Part-Time Audiophile publisher Scot Hull already has noted that a few of the room locations at AXPONA 2016 left something to be desired (though he may have voiced that in a bit stronger terms), but it’s something I noticed, too. In particular, there was the mystery of the second floor, which held only two exhibitor rooms — way, way down a hall, through several twists and turns, and just short of the hotel’s health club.
One of the outposts crying out from this wilderness was stocked with gear from EgglestonWorks, Skogrand Cables, ModWright Instruments, Triangle Art and Massif Audio Design. Needless to say, I had the room to myself when I popped in on an otherwise-busy Saturday morning.
It was a shame, too, because the companies had put together one of the better-sounding systems at the show. It was made up of the EgglestonWorks Andra III SE speakers ($28,635 a pair), ModWright KWA 150 Signature monoblock amps ($8,995 each), ModWright LS 36.5 DM preamp ($9,995), ModWright Elyse Reference tube DAC ($6,900) and ModWright-upgraded Oppo 105D transport ($3,995).
Turntable was the Triangle Art Signature ($15,995), outfitted with the Osiris 12-inch tonearm ($5,800), Apollo MC cartridge ($8,000), Titan SUT ($3,500) and RA-8 power distribution unit ($3,500). The tube phono stage was ModWright’s PH150 reference ($7,900).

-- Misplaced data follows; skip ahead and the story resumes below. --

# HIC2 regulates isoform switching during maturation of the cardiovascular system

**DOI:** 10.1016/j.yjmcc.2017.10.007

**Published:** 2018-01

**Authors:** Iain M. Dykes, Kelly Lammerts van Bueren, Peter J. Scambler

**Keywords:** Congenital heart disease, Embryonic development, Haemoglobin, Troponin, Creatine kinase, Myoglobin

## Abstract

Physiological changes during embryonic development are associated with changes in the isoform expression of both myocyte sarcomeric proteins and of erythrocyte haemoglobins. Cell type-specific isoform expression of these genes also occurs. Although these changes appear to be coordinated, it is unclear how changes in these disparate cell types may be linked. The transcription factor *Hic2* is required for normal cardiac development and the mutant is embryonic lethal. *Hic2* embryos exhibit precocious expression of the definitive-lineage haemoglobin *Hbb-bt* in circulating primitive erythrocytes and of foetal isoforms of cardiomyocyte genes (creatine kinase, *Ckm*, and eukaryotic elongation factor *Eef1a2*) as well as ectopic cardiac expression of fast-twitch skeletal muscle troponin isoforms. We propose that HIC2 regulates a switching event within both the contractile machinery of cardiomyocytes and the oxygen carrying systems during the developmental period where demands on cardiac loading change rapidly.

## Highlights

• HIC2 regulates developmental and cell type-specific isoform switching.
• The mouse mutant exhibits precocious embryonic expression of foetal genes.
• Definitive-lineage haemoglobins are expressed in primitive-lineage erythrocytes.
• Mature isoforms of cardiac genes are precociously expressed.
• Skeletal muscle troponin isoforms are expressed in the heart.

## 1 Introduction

Massif kept things stable with its zebrawood-oak rack ($3,000 each), amp platforms ($700 each), turntable platform ($700 each) and cable risers ($50 each). Cable and power cords were Skogrand’s Beethoven line.
First of all, let me say that I rarely encounter a show room containing at least several ModWright components that doesn’t sound at least darn good. At AXPONA, this ModWright collaboration was performing even better than that. The EgglestonWorks speakers proved to be a great match, displaying stunning resolution, quick transients, deep bass and fine soundstaging.
My MFSL gold CD of John Coltrane and Johnny Hartman’s classic 1963 album sounded wonderful, with nice separation of the instruments and plenty of air around Hartman’s vocals.
I followed that with Mark Knopfler’s “Ride Across the River” from my Japanese XRCD pressing of “Brothers in Arms,” the high-water mark for the second lineup of Dire Straits. The tale of mercenary soldiers features buzzing insects, exotic flute and percussion, and some spooky electric guitar work from Knopfler that conjures up a hellish netherworld. With the ModWright gear and the Andras, this stormy soundscape was projected powerfully, but also with little distortion or edginess.
A ModWright representative volunteered to play me the same track, this time in a high-rez format. The bass tightened up slightly and the high frequencies gained an extra degree of ease, but overall it was amazing to hear the XRCD Red Book version hold up so well.
Hopefully, enough other brave adventurers found their way to this room. Those who didn’t definitely missed out.